Late For Dinner is the second directorial effort from W.D. Richter, whose first directorial effort was the cult classic The Adventures of Buckaroo Banzai Across the Eighth Dimension!, a hilarious and charming bit of sci-fi insanity. It was also his last directorial effort, probably because Late For Dinner is pretty terrible for at least an hour and ten minutes of its 90-minute running time. There's a wonderfully oddball premise in the script about a husband who disappears unexpectedly, then reappears 29 years later looking like he hasn't aged a day. Sadly, it's wasted on an endless, aggravating set-up, none of which turns out to be important once the boys make their trip into the future. Whatever it was that Richter saw in the screenplay by Mark Andrus isn't evident in the execution, which is awful save for the film's surprisingly emotional home stretch.
The primary source of aggravation is Peter Berg as Frank. Berg is not necessarily to blame -- the character as he plays it could've been there on the page -- but Frank is so relentlessly stupid, so incredibly and utterly clueless, that he honestly seems like a five-year-old child. Before seeing the film, I wondered how the characters would end up cryogenically frozen, which is a conundrum the finished film doesn't really find a way to solve. Not only does Andrus lean on Frank's nearly alien cluelessness (and Willie's complete unconsciousness) in order for Dr. Chilblains to successfully lure the two into the freezing chamber, but he and Richter are still not confident that sells it, resulting in Berg's character explaining the entire first 30 minutes in voice-over. Every moment of this narration explains what's happening on screen, which makes it seem like a last-ditch effort to avoid showing scenes that didn't work. Furthermore, on top of even that, the story in this section involves a convoluted semi-kidnapping plot constructed to get Willie and Frank into a field with Bob pointing a gun at them, which in and of itself is unnecessary. The end result that Andrus wants is that Willie has a potentially fatal injury, which could just as easily have been explained in a fraction of the time without any other characters.
Tonally, the film is just as disjointed. What Richter clearly wants to do is throw back to the days of old Hollywood, when romances were sweeping and sentimental. Sadly, he has no idea how to get there without all of the unnecessary detours in Andrus' script, which takes shortcuts through wacky and stupid in attempts to be a romantic drama. The Bob Freeman subplot does nothing but add a bit of cynicism that taints the whole "1960s Americana" vibe (no reason to be nostalgic for a time the film doesn't paint an evocatively rosy picture of), the goofy gags about blue piss and ATM machines are both dumb and discordant, and the constant contrivances don't end with the non-kidnapping. After that endless 30 minutes getting the characters to the present, the film then wastes another 20 as they slowly realize they're in 1991. One-third of a movie is too long to wait for a film to set up its premise, much less two. (The one highlight: a very young Janeane Garofalo as a fast food clerk.)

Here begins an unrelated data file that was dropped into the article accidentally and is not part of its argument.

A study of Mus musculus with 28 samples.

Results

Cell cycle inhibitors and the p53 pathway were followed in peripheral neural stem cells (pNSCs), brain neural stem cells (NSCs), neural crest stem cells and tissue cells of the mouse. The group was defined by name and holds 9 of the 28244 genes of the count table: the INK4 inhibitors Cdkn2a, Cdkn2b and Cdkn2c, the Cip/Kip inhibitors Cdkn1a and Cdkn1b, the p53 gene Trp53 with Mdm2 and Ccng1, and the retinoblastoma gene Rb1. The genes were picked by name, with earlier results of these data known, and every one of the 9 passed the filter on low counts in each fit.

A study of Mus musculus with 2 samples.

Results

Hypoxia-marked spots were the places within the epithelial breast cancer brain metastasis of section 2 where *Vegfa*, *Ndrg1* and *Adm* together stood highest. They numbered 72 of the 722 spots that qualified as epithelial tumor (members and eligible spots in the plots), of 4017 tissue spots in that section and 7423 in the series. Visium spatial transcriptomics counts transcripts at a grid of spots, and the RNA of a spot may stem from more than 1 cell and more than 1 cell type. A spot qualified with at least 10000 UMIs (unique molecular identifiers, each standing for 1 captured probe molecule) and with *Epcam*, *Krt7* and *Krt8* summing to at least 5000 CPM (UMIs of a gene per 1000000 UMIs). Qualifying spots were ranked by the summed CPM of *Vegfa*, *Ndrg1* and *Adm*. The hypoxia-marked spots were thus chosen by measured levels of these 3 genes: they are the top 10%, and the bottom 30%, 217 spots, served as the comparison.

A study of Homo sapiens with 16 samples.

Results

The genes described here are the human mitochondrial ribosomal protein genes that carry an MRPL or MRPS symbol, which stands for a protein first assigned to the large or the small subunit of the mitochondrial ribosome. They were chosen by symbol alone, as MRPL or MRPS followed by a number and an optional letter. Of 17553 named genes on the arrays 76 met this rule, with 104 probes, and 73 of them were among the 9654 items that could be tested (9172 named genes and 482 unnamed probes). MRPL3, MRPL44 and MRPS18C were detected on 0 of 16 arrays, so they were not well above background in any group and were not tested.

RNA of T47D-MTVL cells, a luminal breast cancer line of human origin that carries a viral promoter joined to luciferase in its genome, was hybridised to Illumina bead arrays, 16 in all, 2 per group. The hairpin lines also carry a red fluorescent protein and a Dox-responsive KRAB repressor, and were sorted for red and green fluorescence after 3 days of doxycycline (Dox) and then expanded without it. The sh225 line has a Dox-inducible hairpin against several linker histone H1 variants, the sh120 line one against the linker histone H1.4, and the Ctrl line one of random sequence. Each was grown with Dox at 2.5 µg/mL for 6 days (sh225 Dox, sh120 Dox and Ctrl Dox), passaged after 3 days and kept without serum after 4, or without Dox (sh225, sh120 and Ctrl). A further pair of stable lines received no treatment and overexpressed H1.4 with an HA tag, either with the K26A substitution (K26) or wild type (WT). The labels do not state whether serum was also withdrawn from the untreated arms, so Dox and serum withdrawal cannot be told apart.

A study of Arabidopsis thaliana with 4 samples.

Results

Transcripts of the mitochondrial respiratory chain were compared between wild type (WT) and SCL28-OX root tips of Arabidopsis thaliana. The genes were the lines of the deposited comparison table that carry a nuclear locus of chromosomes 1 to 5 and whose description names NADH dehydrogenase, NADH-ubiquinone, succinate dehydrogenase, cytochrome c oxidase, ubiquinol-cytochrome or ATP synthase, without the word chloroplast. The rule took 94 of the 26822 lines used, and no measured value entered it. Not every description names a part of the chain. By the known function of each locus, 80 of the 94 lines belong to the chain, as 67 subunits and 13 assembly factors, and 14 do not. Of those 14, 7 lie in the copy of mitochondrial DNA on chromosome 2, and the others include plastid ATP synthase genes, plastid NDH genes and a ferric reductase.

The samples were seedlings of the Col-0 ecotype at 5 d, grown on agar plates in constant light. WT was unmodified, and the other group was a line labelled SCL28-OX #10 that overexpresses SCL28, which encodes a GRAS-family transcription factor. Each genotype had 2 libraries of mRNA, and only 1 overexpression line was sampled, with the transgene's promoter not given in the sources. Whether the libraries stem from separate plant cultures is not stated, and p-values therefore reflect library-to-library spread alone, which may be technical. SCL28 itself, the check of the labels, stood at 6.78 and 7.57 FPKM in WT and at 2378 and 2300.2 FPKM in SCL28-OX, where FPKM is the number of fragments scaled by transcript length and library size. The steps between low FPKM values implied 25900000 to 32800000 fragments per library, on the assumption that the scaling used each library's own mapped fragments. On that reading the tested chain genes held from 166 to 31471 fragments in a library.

That said, when the movie finally gets to the place it's trying to go -- the reunion of Willie with his previously tiny daughter (Cassy Friel in 1962, Colleen Flynn in 1991), and his wife Jay -- there is a surprise chunk of the movie that works. Not only does the movie finally sideline Frank for a little while, giving Wimmer's low-key charm a chance to take over, but Wimmer has good support in Flynn and Harden, who capture the confusing rush of emotions at seeing Willie again after so many years. Had the film spent its first half really letting the audience learn to love Willie and Jay as much as they love each other, and spent the second half watching them find their footing, this could have been a fun little sci-fi-tinged fairy tale of a movie. Instead, by the time Willie and Jay finally unite, the movie is almost over, having used up too much energy trying to explain conceits the audience has come in ready to accept. Despite having made a film about the sadness of lost time, the filmmakers don't seem to have taken their own movie to heart.
Late For Dinner arrives in a standard Viva Elite Blu-ray case with its original 1991 poster art mostly intact, although the tagline has been removed to make sure the design of the poster is preserved. The single-disc release otherwise utilizes Kino's black-text-on-white backdrop template and there is no insert inside the case.
The Video and Audio
Presented in 1.85:1 1080p AVC and DTS-HD Master Audio 2.0, this is a very nice presentation for fans of the film to enjoy. Grain and fine detail are surprisingly strong for a forgotten early '90s comedy, with no signs of irritating noise reduction or sharpening. Colors feel a touch flattened or washed-out, but that could also be an intentional adjustment to give the film more of a Normal Rockwell kind of appearance. Very minor print damage is visible in the form of white specks that pop in from time to time, but it's a quibble at best. The stereo sound presentation is more than enough to handle this film, which is light on wild sci-fi action and more focused on dialogue and character moments, which are reproduced faithfully. The film's soundtrack sounds nice and the overall listening experience is pleasant, if not deeply immersive. Sadly, no captions or subtitles are included.
None, not even a trailer.
Unlike Buckaroo Banzai, I'm afraid Late For Dinner is not a lost masterpiece. This messy film is dragged down by an awful screenplay that eats away at the movie's chances to tell its story right, forcing director W.D. Richter and his cast to cram in a bit of charm into the last 20 minutes. Skip it.